LAS VEGAS, NEVADA - DECEMBER 17: Wide receiver Mike Williams #81 of the Los Angeles Chargers warms up during the NFL game against the Las Vegas Raiders at Allegiant Stadium on December 17, 2020 in Las Vegas, Nevada. The Chargers defeated the Raiders in overtime 30-27. (Photo by Christian Petersen/Getty Images)
LAS VEGAS, NEVADA - DECEMBER 17: Wide receiver Mike Williams #81 of the Los Angeles Chargers warms up during the NFL game against the Las Vegas Raiders at Allegiant Stadium on December 17, 2020 in Las Vegas, Nevada. The Chargers defeated the Raiders in overtime 30-27. (Photo by Christian Petersen/Getty Images)
(Photo by Joe Scarnici/Getty Images) – LA Chargers

3. Attempting to patch up the roster with overpaid veteran free agents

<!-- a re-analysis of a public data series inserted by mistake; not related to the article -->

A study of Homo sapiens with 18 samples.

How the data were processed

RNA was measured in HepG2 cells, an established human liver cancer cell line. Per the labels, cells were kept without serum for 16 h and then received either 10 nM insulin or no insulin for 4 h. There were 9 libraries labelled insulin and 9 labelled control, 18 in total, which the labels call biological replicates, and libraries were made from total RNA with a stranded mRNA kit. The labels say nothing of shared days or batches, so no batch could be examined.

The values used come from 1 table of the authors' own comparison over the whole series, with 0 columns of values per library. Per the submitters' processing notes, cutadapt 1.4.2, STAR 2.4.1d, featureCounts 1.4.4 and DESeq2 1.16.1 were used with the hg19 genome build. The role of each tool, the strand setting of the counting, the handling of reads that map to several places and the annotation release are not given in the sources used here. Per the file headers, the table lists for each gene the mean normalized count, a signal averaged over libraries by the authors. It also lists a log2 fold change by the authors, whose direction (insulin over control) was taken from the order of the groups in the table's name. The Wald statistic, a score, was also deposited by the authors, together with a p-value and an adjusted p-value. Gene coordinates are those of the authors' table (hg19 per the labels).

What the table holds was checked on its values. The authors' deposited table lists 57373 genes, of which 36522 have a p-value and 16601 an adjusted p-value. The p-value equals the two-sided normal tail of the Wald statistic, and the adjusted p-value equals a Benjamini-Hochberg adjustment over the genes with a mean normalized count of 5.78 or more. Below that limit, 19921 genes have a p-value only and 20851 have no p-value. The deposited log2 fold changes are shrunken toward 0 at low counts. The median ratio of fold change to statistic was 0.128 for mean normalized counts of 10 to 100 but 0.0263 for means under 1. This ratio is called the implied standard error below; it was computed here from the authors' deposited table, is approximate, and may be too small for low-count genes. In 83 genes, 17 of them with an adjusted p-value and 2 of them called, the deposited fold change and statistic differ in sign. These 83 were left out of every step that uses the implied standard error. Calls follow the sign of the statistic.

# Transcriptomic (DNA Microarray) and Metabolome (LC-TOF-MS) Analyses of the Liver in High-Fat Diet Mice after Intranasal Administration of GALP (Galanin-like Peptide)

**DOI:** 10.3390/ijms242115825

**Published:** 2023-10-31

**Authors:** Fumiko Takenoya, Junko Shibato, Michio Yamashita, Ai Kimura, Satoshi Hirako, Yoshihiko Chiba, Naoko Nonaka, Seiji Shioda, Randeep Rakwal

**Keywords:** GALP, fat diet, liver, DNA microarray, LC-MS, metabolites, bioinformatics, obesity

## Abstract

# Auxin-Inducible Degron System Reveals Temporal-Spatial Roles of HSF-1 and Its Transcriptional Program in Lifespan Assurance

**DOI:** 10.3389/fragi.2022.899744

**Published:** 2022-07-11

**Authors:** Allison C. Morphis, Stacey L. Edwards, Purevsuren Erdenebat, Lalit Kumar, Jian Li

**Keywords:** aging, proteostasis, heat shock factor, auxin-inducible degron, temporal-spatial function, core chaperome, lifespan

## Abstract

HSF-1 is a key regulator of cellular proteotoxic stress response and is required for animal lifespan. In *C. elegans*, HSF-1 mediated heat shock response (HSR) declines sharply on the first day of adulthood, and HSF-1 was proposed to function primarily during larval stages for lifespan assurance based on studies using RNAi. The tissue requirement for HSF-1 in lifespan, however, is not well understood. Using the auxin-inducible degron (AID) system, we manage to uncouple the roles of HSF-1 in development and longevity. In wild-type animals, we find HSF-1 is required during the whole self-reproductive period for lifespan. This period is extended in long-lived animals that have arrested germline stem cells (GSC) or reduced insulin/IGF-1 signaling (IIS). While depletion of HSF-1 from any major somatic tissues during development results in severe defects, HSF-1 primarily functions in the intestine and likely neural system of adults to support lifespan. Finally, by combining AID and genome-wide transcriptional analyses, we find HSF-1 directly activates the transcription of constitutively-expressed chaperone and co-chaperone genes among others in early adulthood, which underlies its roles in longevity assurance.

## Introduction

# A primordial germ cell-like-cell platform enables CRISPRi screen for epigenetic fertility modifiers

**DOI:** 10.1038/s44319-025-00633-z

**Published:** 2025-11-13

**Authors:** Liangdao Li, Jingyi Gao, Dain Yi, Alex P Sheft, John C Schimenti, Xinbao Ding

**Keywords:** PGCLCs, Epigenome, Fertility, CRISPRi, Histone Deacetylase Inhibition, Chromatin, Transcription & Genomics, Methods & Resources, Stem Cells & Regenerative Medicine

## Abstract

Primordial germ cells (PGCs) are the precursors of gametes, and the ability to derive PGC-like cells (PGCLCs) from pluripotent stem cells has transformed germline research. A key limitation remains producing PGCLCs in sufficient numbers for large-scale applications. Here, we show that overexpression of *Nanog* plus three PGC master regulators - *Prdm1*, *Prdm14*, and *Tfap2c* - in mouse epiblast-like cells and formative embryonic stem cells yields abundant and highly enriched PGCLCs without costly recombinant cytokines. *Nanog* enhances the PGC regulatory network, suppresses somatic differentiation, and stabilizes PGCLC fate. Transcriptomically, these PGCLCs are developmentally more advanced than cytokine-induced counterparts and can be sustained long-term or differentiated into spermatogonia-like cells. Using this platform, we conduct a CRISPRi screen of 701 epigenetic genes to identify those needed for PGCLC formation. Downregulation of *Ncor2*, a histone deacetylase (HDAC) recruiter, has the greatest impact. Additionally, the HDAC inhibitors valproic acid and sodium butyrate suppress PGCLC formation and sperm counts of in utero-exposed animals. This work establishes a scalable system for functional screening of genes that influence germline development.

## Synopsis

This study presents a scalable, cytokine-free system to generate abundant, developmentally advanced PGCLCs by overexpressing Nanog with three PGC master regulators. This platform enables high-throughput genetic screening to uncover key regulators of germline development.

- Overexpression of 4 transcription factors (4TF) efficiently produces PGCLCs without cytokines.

Personally, I think NFL free agency is one of the most overrated things in all of American sports. Outside of quarterbacks, how often do we see free agents sign with another team and actually be worth the contract they signed?

The examples are few and far between. Of course, you could get valuable production but the success rate on veteran free agents is much lower than developing talent via the draft and undrafted free agents and the LA Chargers are the perfect example.

Who is the best free agent that the Chargers have signed in the last decade? Casey Hayward. The difference with Hayward, though, was that he signed a small three-year, $15.3 million deal. He was only 27 at the time and it was not viewed as a big signing, as the signings of Chris Harris, Bryan Bulaga and Linval Joseph were.

There is nothing wrong with spending in free agency but the Chargers need to do more deals like the Hayward deal than chasing these veterans who might contribute for a year — if that.

Just look at where the team is right now. They are going to have to cut Harris, Hayward or Trai Turner if they even want to open up the space to spend. Free agency is a valuable complementary part of building a team. When you rely on it to fill big roster holes… well… that is when problems are created.